So we needed an adventure. There are places where all feels right with the world. And sometimes we all just need to go there. Blow the stink off, relocate your spirit, align your body to other meridians. Spend a Saturday doing more than laundry or grocery shopping.
Two hours away, near Arcola, Illinois, there is a wildlife sanctuary. It is owned and operated by the Aikman family; now in their first full year of operation. Last year the Kaskaskia River limited their grazing lands. There are 150 animals from 50 species native to 6 continents living here in a peaceable kingdom. They are not caged. The limited predatory species, hyenas and serval cats, have their own enclosures.
But here the buffalo really do roam. Alongside zebras, Watusi cattle, camels, elands, draft horses, miniature horses, donkeys, alpacas, Scottish highland cows, et. al. They are loved and they are well-fed and each one has a name and a story. Although native to other climes, they were born here in the Midwest. They are all part of a conservation effort.
Those are the facts. And now for the feelings:
Wonderment. Joy. Happiness. Inspiration. Pleasure.
We sat on the wagon, tractor pulling us through the paddocks, going to wherever this diverse herd may be enjoying their morning. Fabio, the Bactrian camel (see above), was my immediate favorite. Although he was in the process of shedding his winter coat, he was still a very handsome and photogenic boy.
We were given small bowls of feed to scatter by our feet in the wagon. We stopped, we scattered the feed, and then they came. Bison, cattle, blue wildebeest, elands, elk, zebras, alpacas, horses, and emus. There are groups of ducks, geese, pheasants, peacocks, guinea fowl.
Then there are the emus. Our guide told us that emus are both curious and ill-tempered. They will not attack four-legged creatures, but the will come after humans because we walk upright on two legs like they do. So why have them around? Because they act as guardians for the smaller four-legged species who appreciate them. Emus own “hangry” as an expression. They have zero manners, large pointy, pecky beaks and giant three-toed claws. They remind me of Petyr Baelish from Game of Thrones. And yes, I love them. How has an emu never been a Disney villain?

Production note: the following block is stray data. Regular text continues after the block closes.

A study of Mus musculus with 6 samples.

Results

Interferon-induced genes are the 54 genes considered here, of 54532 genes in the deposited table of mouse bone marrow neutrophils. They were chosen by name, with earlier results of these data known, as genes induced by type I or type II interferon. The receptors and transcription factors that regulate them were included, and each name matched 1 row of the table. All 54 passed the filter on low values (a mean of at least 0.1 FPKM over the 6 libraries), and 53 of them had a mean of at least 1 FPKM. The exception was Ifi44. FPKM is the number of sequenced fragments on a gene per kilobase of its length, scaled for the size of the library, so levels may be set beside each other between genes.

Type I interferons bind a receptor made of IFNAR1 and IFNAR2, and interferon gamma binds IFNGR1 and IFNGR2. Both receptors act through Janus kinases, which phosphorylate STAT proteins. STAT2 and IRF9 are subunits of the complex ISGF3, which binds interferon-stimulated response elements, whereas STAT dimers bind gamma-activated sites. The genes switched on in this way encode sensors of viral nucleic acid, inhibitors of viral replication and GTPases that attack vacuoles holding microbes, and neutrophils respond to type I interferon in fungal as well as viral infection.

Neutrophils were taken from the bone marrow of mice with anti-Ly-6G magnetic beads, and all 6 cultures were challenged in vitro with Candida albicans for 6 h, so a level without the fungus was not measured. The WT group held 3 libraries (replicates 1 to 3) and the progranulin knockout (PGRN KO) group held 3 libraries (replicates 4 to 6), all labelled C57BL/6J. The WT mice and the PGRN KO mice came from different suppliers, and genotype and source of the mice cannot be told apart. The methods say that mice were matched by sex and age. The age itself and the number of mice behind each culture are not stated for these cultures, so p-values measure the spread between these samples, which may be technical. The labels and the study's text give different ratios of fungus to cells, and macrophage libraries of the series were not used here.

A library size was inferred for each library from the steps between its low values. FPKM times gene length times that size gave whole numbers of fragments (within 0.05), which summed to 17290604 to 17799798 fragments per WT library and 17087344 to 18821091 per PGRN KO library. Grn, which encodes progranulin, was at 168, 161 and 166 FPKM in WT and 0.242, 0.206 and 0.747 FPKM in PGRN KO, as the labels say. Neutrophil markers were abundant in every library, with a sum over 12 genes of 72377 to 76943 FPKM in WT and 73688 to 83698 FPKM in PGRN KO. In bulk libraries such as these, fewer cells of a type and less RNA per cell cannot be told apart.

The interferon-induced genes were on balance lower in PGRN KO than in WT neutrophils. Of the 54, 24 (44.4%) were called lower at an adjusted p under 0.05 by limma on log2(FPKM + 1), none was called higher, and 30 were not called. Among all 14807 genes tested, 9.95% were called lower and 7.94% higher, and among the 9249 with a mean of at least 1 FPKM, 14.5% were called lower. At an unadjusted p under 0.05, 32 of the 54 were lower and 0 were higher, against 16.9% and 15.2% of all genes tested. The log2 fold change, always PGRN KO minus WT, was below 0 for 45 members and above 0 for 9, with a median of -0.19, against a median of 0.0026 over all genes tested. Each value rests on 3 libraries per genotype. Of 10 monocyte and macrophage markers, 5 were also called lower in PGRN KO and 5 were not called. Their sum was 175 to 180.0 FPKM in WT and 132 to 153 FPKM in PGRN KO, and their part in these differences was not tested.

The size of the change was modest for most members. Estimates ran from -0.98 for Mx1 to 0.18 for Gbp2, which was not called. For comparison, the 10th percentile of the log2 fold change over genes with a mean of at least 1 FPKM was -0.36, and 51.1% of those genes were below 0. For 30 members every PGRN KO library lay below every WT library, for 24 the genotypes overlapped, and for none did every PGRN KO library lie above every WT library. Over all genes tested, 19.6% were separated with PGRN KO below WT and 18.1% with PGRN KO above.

In the midst of the herd, I was suddenly 8 years old again. Mrs. Huber handed me the lyric sheet for “Free to Be” by The New Seekers. I would learn it and sing it and forget it for 40 years. Then today, I would remember the joy I felt when this wide, deep blissful adventure fit neatly into the ideals of a song written in 1972.
We walked the path through the other enclosures. Cavies, potbellied pigs, tortoises, goats and sheep. A miniature horse and cow and deer – all the same size – all living together in harmony. Different but equal. Different but not in competition. All amazing in their own little way. Like us, without ego. Like us, without the fear of our perceived differences. Free to be You and Me.